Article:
Today I had a Javascript mock interview from Skilled. With Skilled you can get a mock interview with an expert and get personalized feedback that will help you prepare for a real interview. This was a technical interview where I was asked a couple of questions to test my knowledge of Javascript and a pair programming exercise. The feedback was great and the questions and problems that were given to me were interesting. There was one problem we worked on that I thought was interesting so I wanted to share how I approached it.

The Problem

const myMatrix = [[1, 2, 3, 4],
[12, 13, 14,5],
[11, 16, 15, 6],
[10, 9, 8, 7]]

If you count the numbers in this matrix in order you will see that they form a spiral pattern. The objective is to create a function that will “uncurl” the spiral and console log the numbers in the spiral order. It is perfectly allowed to modify the array but you can’t use sort method. This is because the numbers are just for showing the pattern but if the they were random the solution would still console log the numbers in the spiral pattern. Also the solution can be reached by calling console log multiple times.

My Approach

So first I had to think whether the matrix needed to be modified. I decided that I would remove elements from the matrix and console log them. This way it would be easier to keep track of the remaining elements. So I broke it down into a few steps. First I would work with the top of the spiral, then the right side, then the bottom and finally the left side. I wrote a function with a few comments like this.

function uncurl() {  // console log the top  //console log the right side  //console log the bottom  //console log the left}

So first step is to console log the top. Since I am removing the element from the array I immediately thought about using the shift method. This will remove the first element from the matrix and return it. Then in order to console log every element instead of the array I used the spread operator. This is what it looks like

function uncurl() {  // console log the top  console.log(...myMatrix.shift())  //console log the right side  //console log the bottom  //console log the left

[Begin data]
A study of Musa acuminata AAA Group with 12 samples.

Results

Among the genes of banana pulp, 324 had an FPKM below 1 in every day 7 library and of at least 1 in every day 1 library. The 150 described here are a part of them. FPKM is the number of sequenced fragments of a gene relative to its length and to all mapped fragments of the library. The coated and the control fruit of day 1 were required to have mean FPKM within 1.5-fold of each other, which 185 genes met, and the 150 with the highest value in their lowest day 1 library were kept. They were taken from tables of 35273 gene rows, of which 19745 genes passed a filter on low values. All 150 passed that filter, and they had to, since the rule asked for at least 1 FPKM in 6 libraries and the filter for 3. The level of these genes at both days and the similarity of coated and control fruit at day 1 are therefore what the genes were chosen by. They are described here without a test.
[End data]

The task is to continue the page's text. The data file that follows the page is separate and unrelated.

}

Step one is done! Next step is the right side. So we have to go over each element in the matrix and remove the last element from it and console log it. I decided to use the map method to go over each array and use the pop method to remove the last element. Since this will return an array of numbers I also used the spread operator. This is what the second step looks like.

function uncurl() {  // console log the top  console.log(...myMatrix.shift())  //console log the right side  console.log(...myMatrix.map(item => item.pop()))  //console log the bottom  //console log the left
}

So far so good! I thought of the bottom of the spiral as the opposite process of the top. Instead of the shift I would have to use pop and to get the numbers in the right order I would have to use the reverse method. This is what I ended up with.

function uncurl() {  // console log the top  console.log(...myMatrix.shift())  //console log the right side  console.log(...myMatrix.map(item => item.pop()))  //console log the bottom  console.log(...myMatrix.pop().reverse())  //console log the left
}

I think you are starting to see the pattern. The left side is going to be the opposite of the right side but in reverse. So we are going to be using map, shift and reverse on this side. Here is the result.

function uncurl() {  // console log the top  console.log(...myMatrix.shift())  //console log the right side  console.log(...myMatrix.map(item => item.pop()))  //console log the bottom  console.log(...myMatrix.pop().reverse())  //console log the left  console.log(...myMatrix.map(item => item.shift()).reverse())}

Now there is a problem. There are still some numbers left after the first pass. The code so far doesn’t allow us to go through all the numbers. There are a couple of ways this can be done. We can use a loop to go through the matrix until the it is empty. I decided to use recursion instead. So the code will run and at the end it will be called again only if the length of the matrix is not equal to 0. This is what that looks like.

const myMatrix = [[1, 2, 3, 4],
[12, 13, 14,5],
[11, 16, 15, 6],
[10, 9, 8, 7]]
function uncurl() { // console log the top console.log(...myMatrix.shift()) //console log the right side console.log(...myMatrix.map(item => item.pop())) //console log the bottom console.log(...myMatrix.pop().reverse()) //console log the left console.log(...myMatrix.map(item => item.shift()).reverse()) if (myMatrix.length === 0) { return } uncurl()}

Perfect! The code works. This was a problem that was on the easy side but it was a perfect practice on breaking problems down into smaller steps. I found it very interesting and rewarding. Next thing I will try is to find different ways to reach the solution. Happy coding everyone! 😎


Ray Alva

Software engineer with a passion for building applications. I love nature, gaming, cooking and of course coding!